Another church from the book "100 treasures in 100 Suffolk Churches"
A beautiful small church in a very, very small village (population 100) on the edge of Suffolk. Down a narrow lane through the sandy heath land onto a mound that sticks out into the River Alde with marshland all around. In a straight line the sea is only a couple of miles away and when St Botolph founded his monastery here in AD654 it would have been easy to access, but over the last 1300 years the coastline has moved so that the river twists backwards and forwards before reaching the sea at Shingle Street many miles south.
The C14 nave was destroyed by fire in 1968, from the Suffolk Churches website I read this
"On the afternoon of the 4th April, 1968, a gardener clearing the churchyard lit a bonfire to burn rubbish. Sparks from it caught the thatched roof of the nave, and within minutes the whole place was alight. In this remote spot there was no prospect of a speedy rescue, and the church completely burned out, leaving a shell. It took twenty years for repairs to be completed to the extent you find them today, because a dispute over access meant that materials had to be carried by hand from the road; vehicles were not allowed through into the churchyard. First, the chancel was restored for use as the parish church. A rather ill-fitting partition separated it from the ruins. Later, a roof was put on the nave, and the font (which had been removed to protect it from the elements) was returned. But the interior of the nave could not be protected, and for a decade or more it was exposed to the Suffolk winters.".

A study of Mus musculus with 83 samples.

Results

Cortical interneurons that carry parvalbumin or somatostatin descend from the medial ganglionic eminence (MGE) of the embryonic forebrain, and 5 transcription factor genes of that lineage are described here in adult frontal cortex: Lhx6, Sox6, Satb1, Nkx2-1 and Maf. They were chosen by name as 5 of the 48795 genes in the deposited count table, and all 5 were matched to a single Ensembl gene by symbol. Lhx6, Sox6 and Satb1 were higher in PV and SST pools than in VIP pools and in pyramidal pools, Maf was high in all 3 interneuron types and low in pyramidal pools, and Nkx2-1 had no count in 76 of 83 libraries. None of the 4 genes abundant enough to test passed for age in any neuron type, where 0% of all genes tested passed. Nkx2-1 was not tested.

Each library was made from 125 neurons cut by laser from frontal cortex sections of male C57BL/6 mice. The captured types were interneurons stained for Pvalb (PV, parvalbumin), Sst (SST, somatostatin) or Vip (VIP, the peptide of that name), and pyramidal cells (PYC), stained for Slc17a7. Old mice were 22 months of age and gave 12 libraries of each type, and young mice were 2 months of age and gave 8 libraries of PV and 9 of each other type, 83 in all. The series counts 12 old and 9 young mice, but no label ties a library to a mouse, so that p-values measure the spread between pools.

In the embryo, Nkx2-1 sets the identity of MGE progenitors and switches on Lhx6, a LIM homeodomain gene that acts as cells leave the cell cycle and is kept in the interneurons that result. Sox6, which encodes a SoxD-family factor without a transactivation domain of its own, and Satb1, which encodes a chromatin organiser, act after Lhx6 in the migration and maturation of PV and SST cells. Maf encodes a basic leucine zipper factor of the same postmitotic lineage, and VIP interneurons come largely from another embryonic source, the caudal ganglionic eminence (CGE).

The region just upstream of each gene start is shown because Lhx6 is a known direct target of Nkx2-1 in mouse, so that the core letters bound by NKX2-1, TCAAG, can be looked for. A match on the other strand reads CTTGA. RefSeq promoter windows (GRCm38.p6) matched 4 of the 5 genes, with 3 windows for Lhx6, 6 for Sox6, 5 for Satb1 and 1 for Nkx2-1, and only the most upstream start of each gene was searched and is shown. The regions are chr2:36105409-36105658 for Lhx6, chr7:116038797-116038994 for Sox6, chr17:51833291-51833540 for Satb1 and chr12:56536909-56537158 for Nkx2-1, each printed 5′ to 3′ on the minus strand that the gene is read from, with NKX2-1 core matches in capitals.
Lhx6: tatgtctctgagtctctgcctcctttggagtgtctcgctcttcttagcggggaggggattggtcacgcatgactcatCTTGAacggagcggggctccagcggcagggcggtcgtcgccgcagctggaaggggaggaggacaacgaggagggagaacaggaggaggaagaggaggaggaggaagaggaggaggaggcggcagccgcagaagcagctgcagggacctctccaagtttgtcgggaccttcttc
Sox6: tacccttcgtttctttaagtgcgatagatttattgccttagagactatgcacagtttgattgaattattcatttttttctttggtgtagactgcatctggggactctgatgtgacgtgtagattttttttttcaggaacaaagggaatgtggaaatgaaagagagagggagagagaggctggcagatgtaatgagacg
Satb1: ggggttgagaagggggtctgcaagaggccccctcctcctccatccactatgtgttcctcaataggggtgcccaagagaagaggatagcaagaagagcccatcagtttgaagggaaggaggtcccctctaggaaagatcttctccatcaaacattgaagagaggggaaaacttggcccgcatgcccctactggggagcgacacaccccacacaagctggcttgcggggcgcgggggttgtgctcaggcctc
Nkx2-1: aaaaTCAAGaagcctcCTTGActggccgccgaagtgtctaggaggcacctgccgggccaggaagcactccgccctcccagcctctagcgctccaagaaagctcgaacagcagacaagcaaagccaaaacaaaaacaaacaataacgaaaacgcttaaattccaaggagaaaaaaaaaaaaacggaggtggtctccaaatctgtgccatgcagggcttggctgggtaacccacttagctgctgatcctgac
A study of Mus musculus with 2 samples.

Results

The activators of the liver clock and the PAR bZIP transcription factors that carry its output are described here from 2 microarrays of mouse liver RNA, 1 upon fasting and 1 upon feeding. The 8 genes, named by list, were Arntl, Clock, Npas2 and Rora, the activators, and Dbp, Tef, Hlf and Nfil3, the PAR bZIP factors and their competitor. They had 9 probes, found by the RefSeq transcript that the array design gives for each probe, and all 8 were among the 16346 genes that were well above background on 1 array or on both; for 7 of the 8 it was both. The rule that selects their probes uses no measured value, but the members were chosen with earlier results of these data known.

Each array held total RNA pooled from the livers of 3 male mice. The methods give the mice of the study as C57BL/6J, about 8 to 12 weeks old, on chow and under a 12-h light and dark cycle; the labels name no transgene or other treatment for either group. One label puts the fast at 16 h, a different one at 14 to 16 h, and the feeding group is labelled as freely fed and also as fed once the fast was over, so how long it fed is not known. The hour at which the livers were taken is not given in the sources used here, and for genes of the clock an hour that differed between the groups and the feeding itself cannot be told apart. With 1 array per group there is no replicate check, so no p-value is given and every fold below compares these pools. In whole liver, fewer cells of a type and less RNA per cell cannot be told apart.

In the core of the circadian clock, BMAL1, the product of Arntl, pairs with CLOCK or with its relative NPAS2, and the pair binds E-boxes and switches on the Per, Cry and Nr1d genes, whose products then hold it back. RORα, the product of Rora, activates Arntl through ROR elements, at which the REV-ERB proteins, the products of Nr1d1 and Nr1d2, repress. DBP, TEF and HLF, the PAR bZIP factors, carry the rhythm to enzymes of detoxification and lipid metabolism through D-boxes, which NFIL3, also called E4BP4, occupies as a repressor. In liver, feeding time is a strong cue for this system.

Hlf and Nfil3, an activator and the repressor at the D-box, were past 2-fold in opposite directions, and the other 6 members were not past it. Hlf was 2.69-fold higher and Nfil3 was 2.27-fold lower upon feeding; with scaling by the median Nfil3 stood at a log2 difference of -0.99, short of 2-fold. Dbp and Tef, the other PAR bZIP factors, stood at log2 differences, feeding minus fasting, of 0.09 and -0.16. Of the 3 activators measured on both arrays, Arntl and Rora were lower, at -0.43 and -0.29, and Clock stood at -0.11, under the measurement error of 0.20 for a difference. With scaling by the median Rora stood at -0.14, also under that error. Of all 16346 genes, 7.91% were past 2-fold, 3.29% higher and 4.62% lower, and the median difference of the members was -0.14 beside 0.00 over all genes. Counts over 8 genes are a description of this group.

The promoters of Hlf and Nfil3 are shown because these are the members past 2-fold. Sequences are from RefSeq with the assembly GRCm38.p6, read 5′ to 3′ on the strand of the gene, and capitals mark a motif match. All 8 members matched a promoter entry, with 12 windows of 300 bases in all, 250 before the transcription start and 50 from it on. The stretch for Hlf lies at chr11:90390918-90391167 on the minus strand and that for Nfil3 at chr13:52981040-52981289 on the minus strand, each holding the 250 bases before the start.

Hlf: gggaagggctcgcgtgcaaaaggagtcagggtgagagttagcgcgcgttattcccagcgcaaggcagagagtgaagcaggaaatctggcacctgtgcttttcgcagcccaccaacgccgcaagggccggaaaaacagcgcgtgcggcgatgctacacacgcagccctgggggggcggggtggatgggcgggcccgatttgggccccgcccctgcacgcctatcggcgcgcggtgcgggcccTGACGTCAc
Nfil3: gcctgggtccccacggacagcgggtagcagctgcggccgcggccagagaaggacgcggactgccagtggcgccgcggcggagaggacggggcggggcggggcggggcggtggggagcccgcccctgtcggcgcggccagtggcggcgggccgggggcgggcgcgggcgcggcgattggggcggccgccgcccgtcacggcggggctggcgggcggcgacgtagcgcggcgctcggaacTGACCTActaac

The pews have been replaced by 19th century benches and look very odd and as Simon Knott says on the Suffolk Churches website..........surely plain wooden chairs would have looked better.
This wooden ceiling replaced many years after the fire is very new compared to the stonework of the church.
The carved Reredos over the altar shows the last supper
Stained glass window above the altar
And this large lump of stone is the reason this church is in the 100 treasures book. It is part of a Saxon cross and was discovered being used as part of the stonework in the C14 tower when it was restored after the fire. It is the lower 1.5 metres of the upright which would have been about 3 metres tall. Possibly a cross erected here in C9 after the Danes destroyed the Monastery.
I wonder where the stone came from..........certainly Not from Suffolk.
Close up of the Saxon carvings decorating the stone
Ancient font saved from the fire
Going round the back of the church you can see how high this mound is above the river Alde
Across the river you can see the big house of the Blackheath Estate, owned by the Wentworth family for many years. They owned huge areas of this bit of Suffolk including, in the early C20, the land on which our smallholding was built, 5 miles North as the crow flies but nearly 10 miles by road.
Much more about this church HERE
(The big black cloud in that first photo started chucking rain on me just as I finished taking the last photo!)